Atomic bomb survivor Shigeko Sasamori at East Side Community High School (Photo by Maria Rocha-Buschel)
Students at the East Side Community High School got a rare opportunity on Monday to meet an atomic bomb survivor from Hiroshima thanks to the program, Hibakusha Stories, an initiative of Youth Arts New York.
The sophomores in Yolanda Betances global history class listened in the school’s auditorium as Shigeko Sasamori recounted her experience in Hiroshima on the day the atomic bomb was dropped on the city on August 6, 1945.
Sasamori was 13 years old at the time, sitting in a classroom with other kids her age, when she heard an airplane.
“That day was very hot and sunny and there was a beautiful blue sky,” she told the students. “I looked up and saw the airplane so I told my classmate next to me to look at it too, and as soon as I pointed up, I saw white things drop out of the plane and I was knocked unconscious.”
She didn’t know how long she was unconscious but the next thing she remembered was how pitch black it was outside. After she made it outside, everyone she saw had their clothes torn away and their skin was raw and pink, so badly burned that it was peeling off their bodies. She made her way to the river but couldn’t get in because there were so many dead bodies floating in the water.
UPDATE: June 4, Attorney Alex Schmidt said a court order had been signed at around 3 p.m. to authorize the payments and checks should be going out next Thursday.
UPDATE May 30: Attorney Alex Schmidt said he will be going to court on Monday, June 2.
By Sabina Mollot
Current and former ST/PCV residents who are members of the “Roberts v. Tishman Speyer” class action should be getting their rent overpayment checks later this month, the lead attorney for tenants, Alex Schmidt said.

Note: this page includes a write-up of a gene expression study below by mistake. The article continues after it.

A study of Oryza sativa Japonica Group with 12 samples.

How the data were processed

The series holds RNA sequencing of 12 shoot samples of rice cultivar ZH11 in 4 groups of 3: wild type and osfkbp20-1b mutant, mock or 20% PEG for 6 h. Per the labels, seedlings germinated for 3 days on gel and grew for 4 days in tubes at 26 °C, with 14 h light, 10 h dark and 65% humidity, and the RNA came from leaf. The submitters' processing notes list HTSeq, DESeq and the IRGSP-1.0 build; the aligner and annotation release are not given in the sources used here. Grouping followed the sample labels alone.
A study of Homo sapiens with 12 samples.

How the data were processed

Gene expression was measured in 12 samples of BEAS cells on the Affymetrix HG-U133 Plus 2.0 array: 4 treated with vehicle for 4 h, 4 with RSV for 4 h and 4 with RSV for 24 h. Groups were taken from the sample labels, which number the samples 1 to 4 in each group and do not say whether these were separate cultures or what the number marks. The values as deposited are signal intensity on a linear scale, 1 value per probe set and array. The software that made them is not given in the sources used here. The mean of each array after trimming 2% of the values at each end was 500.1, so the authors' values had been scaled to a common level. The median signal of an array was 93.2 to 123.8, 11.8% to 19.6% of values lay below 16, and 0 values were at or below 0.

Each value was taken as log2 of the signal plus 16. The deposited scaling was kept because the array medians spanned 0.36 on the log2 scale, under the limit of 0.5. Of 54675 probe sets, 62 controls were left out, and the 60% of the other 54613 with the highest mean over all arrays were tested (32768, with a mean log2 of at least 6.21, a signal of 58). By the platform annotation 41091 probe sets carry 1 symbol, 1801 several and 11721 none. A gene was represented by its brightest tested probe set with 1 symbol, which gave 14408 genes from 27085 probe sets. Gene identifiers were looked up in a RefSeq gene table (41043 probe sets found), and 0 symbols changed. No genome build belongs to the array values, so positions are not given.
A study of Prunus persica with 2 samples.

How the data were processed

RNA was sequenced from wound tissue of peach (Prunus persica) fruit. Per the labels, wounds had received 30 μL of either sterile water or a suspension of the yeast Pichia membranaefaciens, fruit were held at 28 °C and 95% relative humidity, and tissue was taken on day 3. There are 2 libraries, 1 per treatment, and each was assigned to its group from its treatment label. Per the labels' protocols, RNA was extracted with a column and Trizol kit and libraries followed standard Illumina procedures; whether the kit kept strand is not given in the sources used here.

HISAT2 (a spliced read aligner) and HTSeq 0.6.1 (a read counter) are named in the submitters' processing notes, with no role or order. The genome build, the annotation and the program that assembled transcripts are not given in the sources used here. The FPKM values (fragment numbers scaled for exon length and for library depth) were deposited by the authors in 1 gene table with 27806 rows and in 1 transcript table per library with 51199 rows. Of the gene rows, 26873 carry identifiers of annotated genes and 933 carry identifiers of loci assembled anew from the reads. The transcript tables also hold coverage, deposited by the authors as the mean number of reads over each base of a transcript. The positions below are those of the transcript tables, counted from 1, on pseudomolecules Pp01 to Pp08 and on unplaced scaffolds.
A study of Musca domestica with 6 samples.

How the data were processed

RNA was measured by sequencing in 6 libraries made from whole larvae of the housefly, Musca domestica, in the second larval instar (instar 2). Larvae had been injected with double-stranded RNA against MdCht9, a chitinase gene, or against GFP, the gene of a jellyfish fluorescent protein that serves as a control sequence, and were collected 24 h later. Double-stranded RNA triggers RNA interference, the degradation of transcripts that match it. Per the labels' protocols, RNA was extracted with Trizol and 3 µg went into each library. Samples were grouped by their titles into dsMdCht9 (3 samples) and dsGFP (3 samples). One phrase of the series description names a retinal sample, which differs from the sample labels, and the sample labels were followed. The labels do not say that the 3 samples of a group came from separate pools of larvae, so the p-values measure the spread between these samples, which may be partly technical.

Though they were originally supposed to be paid earlier in the year, there was a delay because CWCapital had claimed many of the tenants owed back rent.
The delay was also due to the settlement between CWCapital and the ST-PCV Tenants Association over five MCIs (major capital improvements). As a result of the settlement, along with the monthly rent increases being reduced or eliminated, retroactive portions of those MCIs were also eliminated for most tenants.
“Once that agreement was signed and announced, we had to go back and make sure all the current tenants who were slated to receive non-payment deductions were not being improperly charged for retroactive MCIs, which the TA’s superb settlement precludes,” Schmidt said.
At this time, the process of awarding damages to over 11,000 people who still need to be paid is almost done, Schmidt said. The attorney, who’s with the firm Wolf Haldenstein, said he’ll go to court this week or the following week to get the next round of payments to class members. Those who are believed to owe rent will still get part of their damages. To get any amount that’s in dispute, the tenant or former tenant will have a 45-day period to object.
Out of a $173 million settlement for tenants in apartments that were illegally deregulated by former owners MetLife and Tishman Speyer, close to $69 million will be paid out to tenants. The rest of the money is in the form of rent savings.
“Roberts” tenants and former tenants who were owed money from when Met Life was the owner of Stuyvesant Town/Peter Cooper Village were paid at the end of 2013.
A spokesperson for CWCapital declined to comment.